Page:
How Cloud Computing Can Boost Your Member Engagement
From thinking more strategically about member data to building benefits that leverage cloud resources in innovative ways, associations should look to the cloud as a way to think more broadly about member engagement possibilities.
Cloud computing is the glue that holds much of the modern technological world together—you’re probably using it all the time without realizing you do.
This omnipresence may be invisible, but it offers associations options to better serve members by utilizing cloud-based platforms such as Amazon Web Services and Microsoft Azure. Cloud platforms, which offer both data storage and computing resources that can be scaled up or down as needed, can provide ways to do things with computing that a decade ago might have proven cost-prohibitive or technically challenging.
The result: the possibility of becoming an essential tool for boosting member engagement. Here are just a few ways that’s possible:
Use cloud-driven data analysis to identify new opportunities. In an Amazon Web Services webinar from February, membership officials from the American Chemical Society explained how they were transforming digitally, with an eye on leaning more aggressively on engagement, rather than member count, as a key metric. ACS aims to build more personalized membership offerings—and used the cloud to up its data analysis game. “We invested heavily into our data store and data scientists to help us really understand that personalization, creating that intimacy at scale,” said Katherine Fryer, then ACS’ executive vice president of membership, during the session. And this doesn’t necessarily mean creating new data, either. In a blog post, Chris Biggs and Noor Oweis of Slalom, ACS’ strategic partner in the endeavor, explain that organizing existing data in a central store so that it can be better analyzed is an important step toward maximizing its value. “Yes, more data is better, but it’s crucial to leverage existing data to offer a more holistic, customer-focused approach to member engagement,” Biggs and Oweis write.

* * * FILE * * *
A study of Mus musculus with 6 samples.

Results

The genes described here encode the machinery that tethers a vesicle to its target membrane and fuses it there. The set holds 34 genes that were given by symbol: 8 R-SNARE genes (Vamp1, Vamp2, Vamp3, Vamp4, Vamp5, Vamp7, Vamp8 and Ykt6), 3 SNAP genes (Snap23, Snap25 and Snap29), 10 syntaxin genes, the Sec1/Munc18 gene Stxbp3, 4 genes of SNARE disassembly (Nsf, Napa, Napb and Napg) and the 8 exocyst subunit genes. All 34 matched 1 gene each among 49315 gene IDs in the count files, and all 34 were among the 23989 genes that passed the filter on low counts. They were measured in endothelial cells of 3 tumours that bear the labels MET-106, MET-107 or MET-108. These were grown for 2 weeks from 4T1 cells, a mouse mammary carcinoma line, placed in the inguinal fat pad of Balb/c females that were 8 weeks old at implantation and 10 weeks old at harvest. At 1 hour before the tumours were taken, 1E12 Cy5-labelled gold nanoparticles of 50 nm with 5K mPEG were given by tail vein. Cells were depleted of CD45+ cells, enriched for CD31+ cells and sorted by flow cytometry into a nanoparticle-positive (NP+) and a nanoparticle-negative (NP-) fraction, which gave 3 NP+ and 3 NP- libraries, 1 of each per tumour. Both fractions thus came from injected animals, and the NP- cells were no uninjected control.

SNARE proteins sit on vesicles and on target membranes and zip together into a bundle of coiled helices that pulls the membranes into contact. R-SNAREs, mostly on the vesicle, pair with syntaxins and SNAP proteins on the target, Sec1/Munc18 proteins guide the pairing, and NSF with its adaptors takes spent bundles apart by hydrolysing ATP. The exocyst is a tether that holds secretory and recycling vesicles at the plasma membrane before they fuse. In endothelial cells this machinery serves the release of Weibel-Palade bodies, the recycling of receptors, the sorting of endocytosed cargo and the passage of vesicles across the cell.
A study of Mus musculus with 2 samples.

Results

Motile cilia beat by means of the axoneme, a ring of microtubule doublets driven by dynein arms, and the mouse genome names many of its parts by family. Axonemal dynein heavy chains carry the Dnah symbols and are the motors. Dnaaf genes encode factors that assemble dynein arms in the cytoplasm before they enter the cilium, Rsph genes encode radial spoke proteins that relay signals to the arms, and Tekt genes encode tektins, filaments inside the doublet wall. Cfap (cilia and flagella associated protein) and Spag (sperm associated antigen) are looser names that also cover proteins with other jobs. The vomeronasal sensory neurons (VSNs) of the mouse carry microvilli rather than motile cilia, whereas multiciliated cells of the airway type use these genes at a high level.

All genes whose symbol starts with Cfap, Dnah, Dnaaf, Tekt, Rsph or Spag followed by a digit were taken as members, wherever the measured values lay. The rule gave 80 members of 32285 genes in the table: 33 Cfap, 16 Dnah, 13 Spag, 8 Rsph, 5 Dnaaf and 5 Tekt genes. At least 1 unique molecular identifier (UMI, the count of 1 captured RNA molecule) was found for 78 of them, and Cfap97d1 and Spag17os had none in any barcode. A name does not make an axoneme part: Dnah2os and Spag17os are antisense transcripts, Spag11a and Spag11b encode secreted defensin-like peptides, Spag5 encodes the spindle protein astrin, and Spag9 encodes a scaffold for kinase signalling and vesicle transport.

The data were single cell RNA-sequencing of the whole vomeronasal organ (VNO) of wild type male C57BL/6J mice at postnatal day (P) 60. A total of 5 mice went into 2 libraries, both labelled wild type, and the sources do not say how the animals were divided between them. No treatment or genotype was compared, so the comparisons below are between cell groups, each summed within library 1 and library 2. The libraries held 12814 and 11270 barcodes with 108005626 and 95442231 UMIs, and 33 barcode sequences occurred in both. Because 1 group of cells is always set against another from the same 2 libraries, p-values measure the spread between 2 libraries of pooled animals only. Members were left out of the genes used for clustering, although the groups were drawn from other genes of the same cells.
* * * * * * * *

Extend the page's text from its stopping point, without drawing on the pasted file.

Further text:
Improve personalization of your basic services. One benefit of gathering data about your members over time is that such data can be used to strengthen common member benefits to make them more engaging through artificial intelligence-driven personalization. Platforms such as Rasa.io, which relies on machine learning to deliver an email specifically targeted at the individual reader, could help your organization better connect with members through offerings that are better attuned to their specific needs. “Imagine a world where members regularly turn to their associations to find the next person who can help in their learning journey or career,” Amith Nagarajan, Rasa.io’s executive chairman, explained in 2018.
Build benefits that leverage existing data. If your organization has access to a significant source of external data—for example, proprietary industry research that can be turned into a product, or data-based resources that could benefit from data analysis, there’s opportunity to turn that data into a more tangible benefit for both your members and your industry at large. One example: A few years ago, the American Heart Association launched the Precision Medicine Platform, which makes cloud-based resources available to researchers focusing on cardiovascular and brain diseases. “The promise of precision cardiovascular medicine and care can be realized when research and technology come together to deliver new insights,” AHA CEO Nancy Brown said at the time of the program’s launch in 2016.
Create new ways for members to communicate. Big or small, nearly every application you build—whether mobile or web-based—relies on a cloud-based data resource of some kind. Which means that whether you’re building an app or a private community, the cloud can help you find ways to enable communications in some way, whether it’s through application programming interfaces (APIs), or simply plugging community data into personalization. Earlier this year, Marjorie Anderson, manager of digital communities at the Project Management Institute and the founder of Community by Association, recommended taking steps to build strategies to gain a better understanding of private communities through data the communities produce. “Overall, associations should be close to any voice-of-the-customer data they can get their hands on,” she said.